For the second time in roughly two weeks, South Dakota executed its eighteenth inmate in the history of the state or Dakota Territory by lethal injection on Oct. 30.
Donald Moeller, who has been awaiting his death sentence at the South Dakota State Penitentiary in solitary confinement since 1992, was executed by state officials at approximately 10:24 p.m.
According to Keloland News, Moeller, 60, was charged and convicted of the 1990 kidnapping, raping and murdering of 9-year-old Becky O’Connell. Since then, Moeller has been appealing for an alternative sentence, stalling the execution.
In a statement made earlier this month in a court hearing, Moeller admitted to committing the crime, clearing the way for his execution to proceed.
“If the rape and murder of Becky O’Connell doesn’t deserve the death penalty, then I don’t know what does,” Moeller said.
Attempting to stop the execution, a woman by the name of Donna Nichols, who claims to be Moeller’s stepsister, filed a Motion for a Stay of Execution earlier this month. A Federal District Judge denied the Motion of Stay, saying there was no further jurisdiction and the Motion was found to be without merit.
Earlier this month, the state executed Eric Robert, who was not on South Dakota’s death row for nearly as long as Moeller. Robert was sentenced to death for the murder of a prison guard in a failed escape from the S.D. State Penitentiary in Sioux Falls in spring 2011.
Since the executions of Moeller and Robert, there are currently three more inmates sentenced to South Dakota death row. Charles Rhines, Briley Piper and Rodney Berget all face the possibility of death by lethal injection.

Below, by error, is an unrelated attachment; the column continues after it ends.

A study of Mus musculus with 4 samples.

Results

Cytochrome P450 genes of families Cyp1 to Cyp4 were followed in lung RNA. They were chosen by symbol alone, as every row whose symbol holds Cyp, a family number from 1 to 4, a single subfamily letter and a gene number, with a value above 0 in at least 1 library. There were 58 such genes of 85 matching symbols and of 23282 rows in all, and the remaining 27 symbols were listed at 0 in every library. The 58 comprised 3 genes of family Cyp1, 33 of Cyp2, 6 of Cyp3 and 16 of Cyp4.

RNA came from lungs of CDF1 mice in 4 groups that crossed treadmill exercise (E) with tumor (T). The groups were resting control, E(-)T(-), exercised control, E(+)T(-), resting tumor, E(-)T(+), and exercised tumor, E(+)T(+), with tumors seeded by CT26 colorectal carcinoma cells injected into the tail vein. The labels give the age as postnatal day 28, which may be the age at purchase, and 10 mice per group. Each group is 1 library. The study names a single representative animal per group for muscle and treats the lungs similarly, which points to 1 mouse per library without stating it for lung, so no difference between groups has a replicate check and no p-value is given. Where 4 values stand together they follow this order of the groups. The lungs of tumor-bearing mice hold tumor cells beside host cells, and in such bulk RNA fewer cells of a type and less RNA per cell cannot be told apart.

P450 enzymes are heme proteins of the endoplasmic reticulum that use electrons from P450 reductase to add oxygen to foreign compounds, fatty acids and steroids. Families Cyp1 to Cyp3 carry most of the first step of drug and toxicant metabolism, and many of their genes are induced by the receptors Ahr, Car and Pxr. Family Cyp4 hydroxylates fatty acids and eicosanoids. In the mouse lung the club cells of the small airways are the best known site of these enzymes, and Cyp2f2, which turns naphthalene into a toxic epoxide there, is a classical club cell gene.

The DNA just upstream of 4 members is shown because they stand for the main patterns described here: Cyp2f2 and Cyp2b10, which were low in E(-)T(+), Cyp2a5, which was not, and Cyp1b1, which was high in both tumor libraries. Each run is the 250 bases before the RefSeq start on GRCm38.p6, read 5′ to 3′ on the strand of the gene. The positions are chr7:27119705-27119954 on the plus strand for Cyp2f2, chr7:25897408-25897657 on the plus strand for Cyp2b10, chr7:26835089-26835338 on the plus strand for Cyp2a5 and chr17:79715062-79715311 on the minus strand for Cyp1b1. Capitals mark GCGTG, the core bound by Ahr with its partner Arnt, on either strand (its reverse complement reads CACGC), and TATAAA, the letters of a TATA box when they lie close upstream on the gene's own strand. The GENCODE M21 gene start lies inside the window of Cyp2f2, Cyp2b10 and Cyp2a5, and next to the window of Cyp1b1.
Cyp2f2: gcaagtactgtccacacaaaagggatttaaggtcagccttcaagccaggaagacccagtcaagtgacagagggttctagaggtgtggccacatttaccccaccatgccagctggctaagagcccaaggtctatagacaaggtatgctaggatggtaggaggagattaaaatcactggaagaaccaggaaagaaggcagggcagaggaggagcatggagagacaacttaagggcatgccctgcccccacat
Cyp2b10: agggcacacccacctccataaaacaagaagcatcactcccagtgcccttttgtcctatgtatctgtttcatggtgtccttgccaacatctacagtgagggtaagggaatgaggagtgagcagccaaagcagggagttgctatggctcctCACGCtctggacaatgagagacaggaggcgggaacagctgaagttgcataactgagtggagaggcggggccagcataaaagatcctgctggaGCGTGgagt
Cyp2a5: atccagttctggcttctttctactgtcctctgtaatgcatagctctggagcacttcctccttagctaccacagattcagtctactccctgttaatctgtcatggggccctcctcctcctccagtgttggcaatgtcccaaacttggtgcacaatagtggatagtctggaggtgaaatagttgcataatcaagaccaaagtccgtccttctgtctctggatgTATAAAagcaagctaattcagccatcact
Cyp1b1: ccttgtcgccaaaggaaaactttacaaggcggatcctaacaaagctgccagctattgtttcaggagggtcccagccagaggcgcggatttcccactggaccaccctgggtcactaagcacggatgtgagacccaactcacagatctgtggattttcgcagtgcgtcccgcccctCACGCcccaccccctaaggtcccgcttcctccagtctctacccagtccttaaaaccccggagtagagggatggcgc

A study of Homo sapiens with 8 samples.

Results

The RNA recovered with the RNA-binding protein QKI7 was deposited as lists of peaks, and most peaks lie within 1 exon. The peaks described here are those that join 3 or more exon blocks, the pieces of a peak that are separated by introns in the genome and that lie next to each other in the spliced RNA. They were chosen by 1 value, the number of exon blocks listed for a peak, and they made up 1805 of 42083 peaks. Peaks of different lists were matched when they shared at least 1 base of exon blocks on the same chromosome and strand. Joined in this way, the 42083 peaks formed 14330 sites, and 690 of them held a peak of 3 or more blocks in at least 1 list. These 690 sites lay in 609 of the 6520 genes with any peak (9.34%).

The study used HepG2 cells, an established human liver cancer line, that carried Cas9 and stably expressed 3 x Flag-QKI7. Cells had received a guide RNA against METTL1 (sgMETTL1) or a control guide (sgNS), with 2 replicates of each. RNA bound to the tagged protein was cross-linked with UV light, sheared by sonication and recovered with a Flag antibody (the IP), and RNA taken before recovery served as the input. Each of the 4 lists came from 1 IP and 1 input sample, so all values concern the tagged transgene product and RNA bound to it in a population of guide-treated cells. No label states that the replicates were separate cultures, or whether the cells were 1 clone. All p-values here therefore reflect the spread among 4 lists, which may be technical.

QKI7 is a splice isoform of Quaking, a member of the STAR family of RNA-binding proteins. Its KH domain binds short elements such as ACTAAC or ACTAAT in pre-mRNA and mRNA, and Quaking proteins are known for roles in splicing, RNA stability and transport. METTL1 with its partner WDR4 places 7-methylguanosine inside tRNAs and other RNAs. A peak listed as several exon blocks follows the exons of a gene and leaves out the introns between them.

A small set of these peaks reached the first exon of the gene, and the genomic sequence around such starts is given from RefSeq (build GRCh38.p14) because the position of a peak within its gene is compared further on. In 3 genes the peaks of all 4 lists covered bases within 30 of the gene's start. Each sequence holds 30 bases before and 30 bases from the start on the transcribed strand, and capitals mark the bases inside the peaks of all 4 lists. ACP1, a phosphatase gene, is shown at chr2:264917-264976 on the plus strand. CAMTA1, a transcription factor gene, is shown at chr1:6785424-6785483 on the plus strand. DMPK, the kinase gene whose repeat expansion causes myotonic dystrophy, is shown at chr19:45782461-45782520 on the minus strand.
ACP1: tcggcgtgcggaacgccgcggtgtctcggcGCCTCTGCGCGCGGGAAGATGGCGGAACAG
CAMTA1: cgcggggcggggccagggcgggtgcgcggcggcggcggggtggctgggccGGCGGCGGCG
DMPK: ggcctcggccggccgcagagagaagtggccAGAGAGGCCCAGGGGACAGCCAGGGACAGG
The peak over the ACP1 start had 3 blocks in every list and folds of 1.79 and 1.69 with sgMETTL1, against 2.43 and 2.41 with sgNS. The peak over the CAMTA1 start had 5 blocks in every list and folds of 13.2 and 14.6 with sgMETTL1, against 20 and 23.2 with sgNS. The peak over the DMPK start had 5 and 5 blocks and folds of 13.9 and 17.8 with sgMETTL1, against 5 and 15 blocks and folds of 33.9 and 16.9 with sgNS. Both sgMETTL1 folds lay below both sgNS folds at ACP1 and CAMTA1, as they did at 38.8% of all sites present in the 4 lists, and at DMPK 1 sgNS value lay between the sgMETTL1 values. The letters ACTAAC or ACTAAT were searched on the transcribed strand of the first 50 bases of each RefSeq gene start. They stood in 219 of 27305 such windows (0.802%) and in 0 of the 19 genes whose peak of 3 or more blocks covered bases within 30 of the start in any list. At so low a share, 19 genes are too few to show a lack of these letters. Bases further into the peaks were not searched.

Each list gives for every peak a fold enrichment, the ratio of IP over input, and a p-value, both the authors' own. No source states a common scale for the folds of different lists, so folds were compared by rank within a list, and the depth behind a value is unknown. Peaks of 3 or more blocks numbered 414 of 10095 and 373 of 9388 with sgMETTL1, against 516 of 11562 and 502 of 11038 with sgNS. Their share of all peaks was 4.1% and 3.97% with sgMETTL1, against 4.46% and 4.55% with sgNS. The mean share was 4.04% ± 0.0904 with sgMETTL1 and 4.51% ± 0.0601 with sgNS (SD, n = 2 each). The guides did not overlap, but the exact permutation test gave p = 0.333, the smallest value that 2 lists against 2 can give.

According to Elizabeth Smith, a political science professor who teaches a class on the death penalty, South Dakota is among a decreasing number of states that have the death penalty.
“South Dakota almost never uses it,” Smith said.
She also said because of personal backgrounds and beliefs, capital punishment is one of the biggest issues each state needs to address.
Senior Brad Omland, president of College Libertarians, said he agrees states need to have more correspondence with each other about their stance on the death penalty.
“There could be more awareness among the states,” Omland said. “It is nothing that should be taken lightly.”
Junior Chelsea Mattson said capital punishment is a matter of situations.
“Under some circumstances, the death penalty is OK, because otherwise they are just taking up space and wasting tax dollars,” Mattson said.
Ashley Pemble, a passerby in the Muenster University Center, said in some instances, like Moeller’s case where child rape and murder is involved, the death penalty is justifiable.
“I am OK with handing out the death penalty to Moeller for what he did,” Pemble said.
Omland said it is not so much an issue South Dakota has executed two inmates in two weeks’ time, but more about the fact the general public does not know there are other executions occurring in other states.
Joyce Trudeau, president of College Democrats, said two executions in one month is a big deal for South Dakota.
“It says something about South Dakota’s government,” Trudeau said.
Trudeau also said capital punishment is more or less an option of desperation.
Heather Mathisen, a first-year student, said she agrees with Trudeau’s stance of the death penalty being an escape from reality.
“It is two people being killed and it can not be taken lightly,” Mathisen said.
Senior Collin Michels, co-president of College Republicans, said, like South Dakota Gov. Dennis Daugaard stated, capital punishment is a last resort.
“I do not think it (the death penalty) represents who we are as a state,” Michels said.
Whatever position people decide to take on capital punishment, Smith said what people choose to believe about the death penalty comes down to two deciding factors.
“There’s a good deal of correspondence between religion and political views on the death penalty,” Smith said. “It’s important to critically think about what you believe in and why you believe it and listen to other people’s ideas on what they believe and why.”